Court order paves way for woman without fingerprints to get Aadhaar card
The registration for an Aadhaar card continues to be a headache for people with disabilities. Even after years of work on improving the registration system, people with disabilities still struggle to get themselves registered for the 12-digit unique identity number that is based on their biometric and demographic data.
The latest case comes from Kolkata, where the High Court had to intervene to facilitate the registration for Aadhaar for a disabled woman.
The case relates to Gouri Pramanik, who was sent back by UIDAI officials as her fingerprints could not be taken for biometric verification. Pramanik lost her fingers in a fire related accident when she was three years old, which makes taking her fingerprint ID impossible. She was left with no option but to appeal to the high court after a bank refused to sanction a loan due to the lack of an Aadhaar card.
The Calcutta High Court has ordered the UIDAI to provide her with an Aadhaar card in seven days' time. For people who can't give their fingerprints, alternate means of verification like an iris scan can be used, yet disabled people are made to run around, say activists. A large part of the problem lies in the apathy and lack of awareness on the part of officials at the ground levels.
It is extremely disappointing that the UIDAI officials at the ground level are still unaware about the registration process to be followed for applicants with disabilities. Although there is a provision created for people with disabilities, those working at the Aadhar centre continue to remain ignorant and uninterested in doing their work properly. Why do people with disabilities have to appeal to the judiciary every time such incidents occur? This a waste of resources that are already scarce and also severe inconvenience to the people with disabilities. - Shampa SenGupta, Disability rights activist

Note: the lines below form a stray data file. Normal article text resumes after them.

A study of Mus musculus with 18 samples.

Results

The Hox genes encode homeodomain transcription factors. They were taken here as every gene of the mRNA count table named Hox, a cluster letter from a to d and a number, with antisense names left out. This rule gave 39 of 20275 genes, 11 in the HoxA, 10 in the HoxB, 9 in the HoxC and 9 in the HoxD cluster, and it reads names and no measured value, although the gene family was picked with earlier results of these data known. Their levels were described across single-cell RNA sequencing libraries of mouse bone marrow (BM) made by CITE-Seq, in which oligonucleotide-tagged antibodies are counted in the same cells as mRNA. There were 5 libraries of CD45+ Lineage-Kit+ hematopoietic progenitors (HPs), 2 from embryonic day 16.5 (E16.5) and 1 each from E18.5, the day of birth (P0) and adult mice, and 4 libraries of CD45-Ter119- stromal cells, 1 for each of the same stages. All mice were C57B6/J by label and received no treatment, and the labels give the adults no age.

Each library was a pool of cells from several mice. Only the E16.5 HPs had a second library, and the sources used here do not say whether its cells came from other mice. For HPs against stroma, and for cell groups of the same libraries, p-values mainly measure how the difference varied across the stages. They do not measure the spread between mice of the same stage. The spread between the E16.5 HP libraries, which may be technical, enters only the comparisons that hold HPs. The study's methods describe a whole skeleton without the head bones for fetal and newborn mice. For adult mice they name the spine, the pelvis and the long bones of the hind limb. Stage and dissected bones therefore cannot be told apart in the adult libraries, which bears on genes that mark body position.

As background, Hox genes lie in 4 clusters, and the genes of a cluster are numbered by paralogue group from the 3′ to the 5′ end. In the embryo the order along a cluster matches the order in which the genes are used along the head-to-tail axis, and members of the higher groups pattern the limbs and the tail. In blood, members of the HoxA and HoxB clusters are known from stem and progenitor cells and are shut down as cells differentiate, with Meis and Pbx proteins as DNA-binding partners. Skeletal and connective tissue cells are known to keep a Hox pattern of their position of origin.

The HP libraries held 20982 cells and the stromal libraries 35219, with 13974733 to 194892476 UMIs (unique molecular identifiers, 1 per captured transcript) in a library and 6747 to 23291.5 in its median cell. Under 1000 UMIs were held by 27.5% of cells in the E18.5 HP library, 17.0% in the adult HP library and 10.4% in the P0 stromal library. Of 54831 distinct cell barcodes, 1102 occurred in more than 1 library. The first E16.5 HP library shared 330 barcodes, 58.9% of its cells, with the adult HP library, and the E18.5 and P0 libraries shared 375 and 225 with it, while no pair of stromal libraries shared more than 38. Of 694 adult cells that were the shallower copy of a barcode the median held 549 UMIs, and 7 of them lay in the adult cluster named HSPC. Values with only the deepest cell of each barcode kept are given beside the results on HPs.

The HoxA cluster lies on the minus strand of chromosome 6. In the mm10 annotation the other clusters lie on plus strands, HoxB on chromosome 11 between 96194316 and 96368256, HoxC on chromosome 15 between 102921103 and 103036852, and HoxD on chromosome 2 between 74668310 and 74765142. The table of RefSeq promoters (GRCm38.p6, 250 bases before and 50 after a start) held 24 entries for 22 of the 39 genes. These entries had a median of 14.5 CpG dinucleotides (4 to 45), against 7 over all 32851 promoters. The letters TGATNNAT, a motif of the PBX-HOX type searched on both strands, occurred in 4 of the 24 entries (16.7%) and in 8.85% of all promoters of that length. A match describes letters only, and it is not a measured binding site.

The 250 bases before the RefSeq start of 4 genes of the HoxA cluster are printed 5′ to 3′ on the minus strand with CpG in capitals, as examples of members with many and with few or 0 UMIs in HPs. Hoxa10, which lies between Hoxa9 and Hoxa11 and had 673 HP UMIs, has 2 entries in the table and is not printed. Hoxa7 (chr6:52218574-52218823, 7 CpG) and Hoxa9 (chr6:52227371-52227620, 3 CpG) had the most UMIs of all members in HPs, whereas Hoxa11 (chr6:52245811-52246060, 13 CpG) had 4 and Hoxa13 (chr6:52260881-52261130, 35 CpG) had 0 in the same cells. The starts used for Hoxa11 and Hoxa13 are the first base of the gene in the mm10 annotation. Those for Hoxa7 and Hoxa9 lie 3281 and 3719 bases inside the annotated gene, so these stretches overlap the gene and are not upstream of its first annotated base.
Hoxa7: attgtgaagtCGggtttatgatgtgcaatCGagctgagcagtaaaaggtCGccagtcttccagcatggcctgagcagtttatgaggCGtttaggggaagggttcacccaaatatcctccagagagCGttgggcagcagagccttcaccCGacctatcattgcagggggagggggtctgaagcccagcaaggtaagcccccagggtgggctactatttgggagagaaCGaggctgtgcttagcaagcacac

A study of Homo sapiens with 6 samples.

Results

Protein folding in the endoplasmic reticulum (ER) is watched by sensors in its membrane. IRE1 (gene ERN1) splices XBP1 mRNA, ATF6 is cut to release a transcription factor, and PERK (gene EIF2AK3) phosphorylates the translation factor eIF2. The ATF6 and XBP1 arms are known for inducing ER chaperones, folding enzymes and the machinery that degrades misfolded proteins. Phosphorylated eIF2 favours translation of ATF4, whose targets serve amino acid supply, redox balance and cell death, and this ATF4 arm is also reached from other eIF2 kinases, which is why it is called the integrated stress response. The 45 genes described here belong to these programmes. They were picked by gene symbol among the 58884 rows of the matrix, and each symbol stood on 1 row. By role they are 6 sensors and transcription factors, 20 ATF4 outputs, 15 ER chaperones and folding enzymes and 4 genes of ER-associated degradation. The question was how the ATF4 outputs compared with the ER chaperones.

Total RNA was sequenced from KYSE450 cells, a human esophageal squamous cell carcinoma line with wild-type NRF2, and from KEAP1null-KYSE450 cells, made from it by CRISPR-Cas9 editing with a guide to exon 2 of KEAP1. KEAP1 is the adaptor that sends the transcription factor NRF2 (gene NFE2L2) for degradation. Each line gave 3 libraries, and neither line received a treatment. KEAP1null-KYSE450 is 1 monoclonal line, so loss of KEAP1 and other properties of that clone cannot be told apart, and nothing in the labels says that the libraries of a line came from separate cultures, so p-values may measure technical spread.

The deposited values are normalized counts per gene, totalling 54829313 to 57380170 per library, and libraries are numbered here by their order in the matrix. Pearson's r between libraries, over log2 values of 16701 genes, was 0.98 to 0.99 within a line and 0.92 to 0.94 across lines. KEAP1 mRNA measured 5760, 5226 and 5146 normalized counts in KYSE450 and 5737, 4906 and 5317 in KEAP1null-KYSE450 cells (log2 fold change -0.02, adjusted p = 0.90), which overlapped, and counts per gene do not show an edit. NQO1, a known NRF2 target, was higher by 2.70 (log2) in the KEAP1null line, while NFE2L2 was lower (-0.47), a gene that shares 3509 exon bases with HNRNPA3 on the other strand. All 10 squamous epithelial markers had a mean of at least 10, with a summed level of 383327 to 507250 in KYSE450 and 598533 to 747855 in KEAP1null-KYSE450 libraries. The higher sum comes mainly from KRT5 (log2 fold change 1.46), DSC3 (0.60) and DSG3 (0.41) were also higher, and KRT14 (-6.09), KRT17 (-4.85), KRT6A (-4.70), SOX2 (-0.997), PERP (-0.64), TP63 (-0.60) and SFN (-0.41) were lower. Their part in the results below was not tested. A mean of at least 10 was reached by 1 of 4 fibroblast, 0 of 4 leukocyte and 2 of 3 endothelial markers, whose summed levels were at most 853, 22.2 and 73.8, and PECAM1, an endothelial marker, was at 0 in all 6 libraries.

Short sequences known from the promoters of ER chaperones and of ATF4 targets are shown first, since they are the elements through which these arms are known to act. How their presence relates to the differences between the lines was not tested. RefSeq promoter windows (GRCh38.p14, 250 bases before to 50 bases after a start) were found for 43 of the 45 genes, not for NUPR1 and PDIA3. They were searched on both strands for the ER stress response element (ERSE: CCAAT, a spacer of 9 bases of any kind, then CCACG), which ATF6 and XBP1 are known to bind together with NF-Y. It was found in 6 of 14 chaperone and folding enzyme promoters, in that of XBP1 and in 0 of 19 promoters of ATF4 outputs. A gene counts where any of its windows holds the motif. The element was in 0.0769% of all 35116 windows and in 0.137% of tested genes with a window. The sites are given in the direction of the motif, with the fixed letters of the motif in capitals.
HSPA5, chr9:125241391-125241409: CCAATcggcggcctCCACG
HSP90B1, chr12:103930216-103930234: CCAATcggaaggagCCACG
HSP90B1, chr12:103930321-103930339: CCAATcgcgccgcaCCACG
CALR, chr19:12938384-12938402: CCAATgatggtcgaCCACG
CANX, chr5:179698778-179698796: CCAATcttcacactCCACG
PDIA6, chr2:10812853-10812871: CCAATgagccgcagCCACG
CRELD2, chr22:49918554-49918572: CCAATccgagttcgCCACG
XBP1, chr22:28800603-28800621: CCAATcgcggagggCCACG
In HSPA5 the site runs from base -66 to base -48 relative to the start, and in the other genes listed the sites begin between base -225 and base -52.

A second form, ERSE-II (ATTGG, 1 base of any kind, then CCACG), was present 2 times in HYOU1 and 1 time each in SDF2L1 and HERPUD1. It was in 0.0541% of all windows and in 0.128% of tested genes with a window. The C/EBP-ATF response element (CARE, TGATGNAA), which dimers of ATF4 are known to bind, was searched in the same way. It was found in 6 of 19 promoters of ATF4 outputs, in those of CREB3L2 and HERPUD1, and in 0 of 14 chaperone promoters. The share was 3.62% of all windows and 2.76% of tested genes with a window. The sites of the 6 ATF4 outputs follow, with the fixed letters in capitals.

The world's largest biometric ID system, Aadhaar, continues to be marred with defective implementation due to lack of sensitization and awareness among the people working in the system. The issue is widespread and affects many people with disabilities.
Tiruvarur resident Rafiq Ahamed says that people with disabilities are facing issues from various government departments due to lack of sensitization among officials.
"Many disabled people applying for Aadhar don't have limbs and are treated with arrogance by the officials. It becomes a struggle to get what is rightfully ours as we are not informed about the various schemes and benefits on time. If Aadhar card is unique, why do we need unique disability id (UDID)?", he asks.
The access to schemes and benefits for people with disabilities is highly dependent on the Aadhar card and hence it is critical that these complaints are addressed.